By John Gilstrap
Google is nice and convenient and all, but I miss the multi-volume encyclopedias of my youth. I used to take a volume down and read it like a book–okay, it was a book, but work with me here. So many fascinating facts to learn, people to meet and places to visit, all from the comfort of the living room.
But that was different than what’s required to research a book. When you’re telling a story that is outside the real world of what you already know, you’ve got to find the way to inject the verisimilitude necessary to make the story resonate for the reader.
HEADS UP: At the end of this post, I’m going to ask the members of my TKZ family to help out. I know we have folks here who write about topics that are completely alien to me. In the comments, please share the sources and websites that help you with the details of the worlds you create.
Consider faking it–making stuff up.
Research and writing are two different tasks, though for research junkies they can feel very much the same. In reality, especially if you’re on a deadline, unnecessary research is an advanced form of procrastination. As you approach the opening to the rabbit hole, ask yourself this question: Does this part need to be real?
Many of my books are set in and around the areas where I grew up, in the suburbs of Washington, DC–Fairfax County, Virginia, to be exact. Given the nature of the stories, though, where local politicians are corrupt and incompetent, I decided to create Braddock County, Virginia, which, if you know the area and pay close attention, you’ll recognize to be parts of not only Fairfax County, but also of Prince William and Fauquier Counties.
Think of the burden I’ve lifted from my shoulders. If I wrote about the Fairfax County Police (as opposed to the Braddock County Police), I’d need to know their command structure, the weaponry they use, their shift schedules and the details of their uniforms. The Braddock County cops wear whatever I tell them to put on.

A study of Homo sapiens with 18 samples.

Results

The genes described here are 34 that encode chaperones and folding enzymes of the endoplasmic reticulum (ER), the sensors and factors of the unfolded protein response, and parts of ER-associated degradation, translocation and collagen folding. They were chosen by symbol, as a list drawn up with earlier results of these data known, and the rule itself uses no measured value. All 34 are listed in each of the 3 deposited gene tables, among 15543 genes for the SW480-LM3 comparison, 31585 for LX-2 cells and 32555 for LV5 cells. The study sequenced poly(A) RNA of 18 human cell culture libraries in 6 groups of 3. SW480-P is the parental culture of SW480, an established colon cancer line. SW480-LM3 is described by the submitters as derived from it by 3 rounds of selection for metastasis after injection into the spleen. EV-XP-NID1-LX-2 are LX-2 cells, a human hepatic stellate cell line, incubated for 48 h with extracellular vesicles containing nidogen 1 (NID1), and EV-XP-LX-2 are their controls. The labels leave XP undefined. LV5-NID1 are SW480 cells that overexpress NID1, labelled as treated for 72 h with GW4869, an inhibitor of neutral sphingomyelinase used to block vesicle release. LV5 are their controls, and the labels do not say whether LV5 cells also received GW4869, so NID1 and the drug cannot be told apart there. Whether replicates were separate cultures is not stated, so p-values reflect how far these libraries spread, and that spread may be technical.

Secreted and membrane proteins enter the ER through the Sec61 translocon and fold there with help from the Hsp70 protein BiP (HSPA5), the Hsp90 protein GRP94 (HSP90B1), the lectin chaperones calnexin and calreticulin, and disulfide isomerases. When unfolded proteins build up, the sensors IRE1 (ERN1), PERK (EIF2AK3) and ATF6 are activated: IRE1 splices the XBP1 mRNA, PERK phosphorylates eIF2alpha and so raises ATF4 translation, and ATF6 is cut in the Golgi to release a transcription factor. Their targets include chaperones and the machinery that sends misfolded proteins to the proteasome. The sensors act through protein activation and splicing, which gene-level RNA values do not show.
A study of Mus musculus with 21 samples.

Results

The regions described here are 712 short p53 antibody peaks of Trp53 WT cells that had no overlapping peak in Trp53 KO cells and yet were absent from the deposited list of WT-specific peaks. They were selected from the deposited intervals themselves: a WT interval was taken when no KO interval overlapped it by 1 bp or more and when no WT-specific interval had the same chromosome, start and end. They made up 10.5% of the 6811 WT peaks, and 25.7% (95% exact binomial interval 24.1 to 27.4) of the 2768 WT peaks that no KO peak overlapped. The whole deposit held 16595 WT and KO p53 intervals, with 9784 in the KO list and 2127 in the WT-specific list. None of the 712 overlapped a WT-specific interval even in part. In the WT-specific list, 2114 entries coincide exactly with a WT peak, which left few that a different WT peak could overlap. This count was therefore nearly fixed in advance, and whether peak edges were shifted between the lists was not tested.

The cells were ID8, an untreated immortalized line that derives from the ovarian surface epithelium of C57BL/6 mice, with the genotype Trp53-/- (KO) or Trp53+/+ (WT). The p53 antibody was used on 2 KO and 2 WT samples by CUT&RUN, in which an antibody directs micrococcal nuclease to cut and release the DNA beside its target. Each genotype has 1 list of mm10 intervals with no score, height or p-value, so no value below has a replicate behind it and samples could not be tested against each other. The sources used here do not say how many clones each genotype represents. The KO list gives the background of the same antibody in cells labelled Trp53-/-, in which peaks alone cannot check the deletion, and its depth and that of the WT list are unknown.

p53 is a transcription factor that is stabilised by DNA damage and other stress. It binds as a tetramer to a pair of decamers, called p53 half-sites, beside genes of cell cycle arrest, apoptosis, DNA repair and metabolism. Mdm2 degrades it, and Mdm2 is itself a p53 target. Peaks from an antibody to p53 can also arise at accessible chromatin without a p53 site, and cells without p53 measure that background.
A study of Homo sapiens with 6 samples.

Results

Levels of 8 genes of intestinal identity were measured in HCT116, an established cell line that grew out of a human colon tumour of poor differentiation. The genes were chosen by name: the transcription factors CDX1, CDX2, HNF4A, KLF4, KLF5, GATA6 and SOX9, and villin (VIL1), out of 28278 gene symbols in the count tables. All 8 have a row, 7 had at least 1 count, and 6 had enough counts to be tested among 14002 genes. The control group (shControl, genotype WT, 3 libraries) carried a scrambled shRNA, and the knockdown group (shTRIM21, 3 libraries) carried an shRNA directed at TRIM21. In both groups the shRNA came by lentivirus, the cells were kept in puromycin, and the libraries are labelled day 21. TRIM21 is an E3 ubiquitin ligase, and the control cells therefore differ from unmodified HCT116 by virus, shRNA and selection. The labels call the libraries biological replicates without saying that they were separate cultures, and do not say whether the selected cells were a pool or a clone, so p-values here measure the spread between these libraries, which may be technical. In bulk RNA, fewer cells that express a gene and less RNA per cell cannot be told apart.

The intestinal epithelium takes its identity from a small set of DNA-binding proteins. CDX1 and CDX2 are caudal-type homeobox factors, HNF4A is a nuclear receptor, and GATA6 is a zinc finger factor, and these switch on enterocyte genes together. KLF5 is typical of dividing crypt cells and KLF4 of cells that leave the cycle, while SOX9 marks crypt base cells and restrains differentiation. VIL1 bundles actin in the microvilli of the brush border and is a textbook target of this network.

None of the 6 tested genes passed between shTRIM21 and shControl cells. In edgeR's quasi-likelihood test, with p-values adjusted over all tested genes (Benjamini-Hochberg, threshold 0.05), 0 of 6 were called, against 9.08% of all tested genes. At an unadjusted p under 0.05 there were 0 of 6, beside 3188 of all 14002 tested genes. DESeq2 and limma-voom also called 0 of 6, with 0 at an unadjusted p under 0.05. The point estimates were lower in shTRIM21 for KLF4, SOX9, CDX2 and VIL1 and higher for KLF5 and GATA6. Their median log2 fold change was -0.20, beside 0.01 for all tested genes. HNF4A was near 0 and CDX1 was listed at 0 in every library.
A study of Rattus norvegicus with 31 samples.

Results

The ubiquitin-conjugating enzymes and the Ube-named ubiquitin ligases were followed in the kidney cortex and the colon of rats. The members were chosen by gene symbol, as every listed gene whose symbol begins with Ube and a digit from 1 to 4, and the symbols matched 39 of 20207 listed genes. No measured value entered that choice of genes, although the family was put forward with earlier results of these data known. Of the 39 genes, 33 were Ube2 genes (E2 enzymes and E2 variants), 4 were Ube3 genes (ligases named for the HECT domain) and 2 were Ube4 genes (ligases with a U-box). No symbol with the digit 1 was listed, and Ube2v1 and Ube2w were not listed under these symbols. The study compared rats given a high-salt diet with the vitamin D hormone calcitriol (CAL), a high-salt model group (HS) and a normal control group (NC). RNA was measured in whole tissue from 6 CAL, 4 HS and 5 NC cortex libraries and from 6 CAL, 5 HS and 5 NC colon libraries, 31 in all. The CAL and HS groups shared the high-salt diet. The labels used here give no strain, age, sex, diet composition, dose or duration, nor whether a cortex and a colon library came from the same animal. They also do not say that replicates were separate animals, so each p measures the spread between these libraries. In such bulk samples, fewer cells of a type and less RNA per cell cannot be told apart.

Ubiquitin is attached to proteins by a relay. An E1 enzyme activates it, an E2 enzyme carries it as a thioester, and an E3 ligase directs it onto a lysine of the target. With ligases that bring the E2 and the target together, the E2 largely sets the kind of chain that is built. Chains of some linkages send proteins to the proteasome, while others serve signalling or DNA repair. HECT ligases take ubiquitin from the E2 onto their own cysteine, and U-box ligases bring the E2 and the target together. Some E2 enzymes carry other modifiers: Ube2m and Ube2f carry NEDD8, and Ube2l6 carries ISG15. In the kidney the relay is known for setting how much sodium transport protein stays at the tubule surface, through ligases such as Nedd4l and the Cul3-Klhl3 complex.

Remember, that you’re writing fiction. By definition, it’s okay to make stuff up if it doesn’t ruin the story.
Wikipedia and YouTube
Your novel is not a doctoral dissertation. The sources you use to write your fiction don’t need to stand up to academic scrutiny. Keep it as simple as possible. For the subject matter I write about–weaponry, military tactics, machinery operation, etc.–Wikipedia and YouTube do for me everything that needs to be done. Almost.
Develop your stable of experts
Nearly everyone is an expert at something. As a Type A extrovert, when I meet someone, I chat them up and get to know what they do. If their life’s work is in an area relevant to what I write, we exchange business cards. When I’m back to my desk, I send them a brief email telling them how much I enjoyed our conversation and promising/warning that I will be giving them a call if I ever need assistance in research. No one has ever said no. Not ever.
My virtual Rolodex is filled with the names and contact information for people I’ll probably never speak to again, but they’re there if I need them.
It’s hard to replace real exposure
“Hey, Loo, just got a call from EOC. They’re detailing the wagon and crew to Twenty-Seven.”
Translation: “Excuse me, Lieutenant. Just got a call from the Emergency Operations Center and their sending the pumper and its crew to Fire Station Twenty-Seven.”
Every group, like every geographic region, develops a patois that is unique to them. The only way I know of to actually learn those speech patterns and traditions is to immerse yourself in that world. How do you do that?
You make a phone call and ask. Whether it’s the police station, the local hospital or an Air Force base, there’s someone on staff whose job it is to give you a tour and answer your questions. While you’re there, you trade business cards with as many subject matter experts as you can find.
Write around what you don’t know
Jonathan Grave has access to vast amounts of intelligence data that is collected by his right-hand-gal, Venice Alexander. Venice is a master computer hacker, with cyber skills that rival any expert in the world. Like Jonathan, I don’t understand how she does what she does, but she’s able to take an order from her boss and return vast amounts of information. And she does it all off the page, presumably between the chapter breaks.
I’m not a technology guy. As such, I know that the deeper I research the topic and present my research on the page, the greater chance that I’m going to get a very important something wrong. So, I write around the holes in my knowledge.
Okay, your turn
It’s a big world out there, and we’re all chasing different research rabbits down different holes. Please share your tricks and sources and websites for the topics near and dear to you. Consider them to be virtual business cards to help other writers find the information they’re looking for.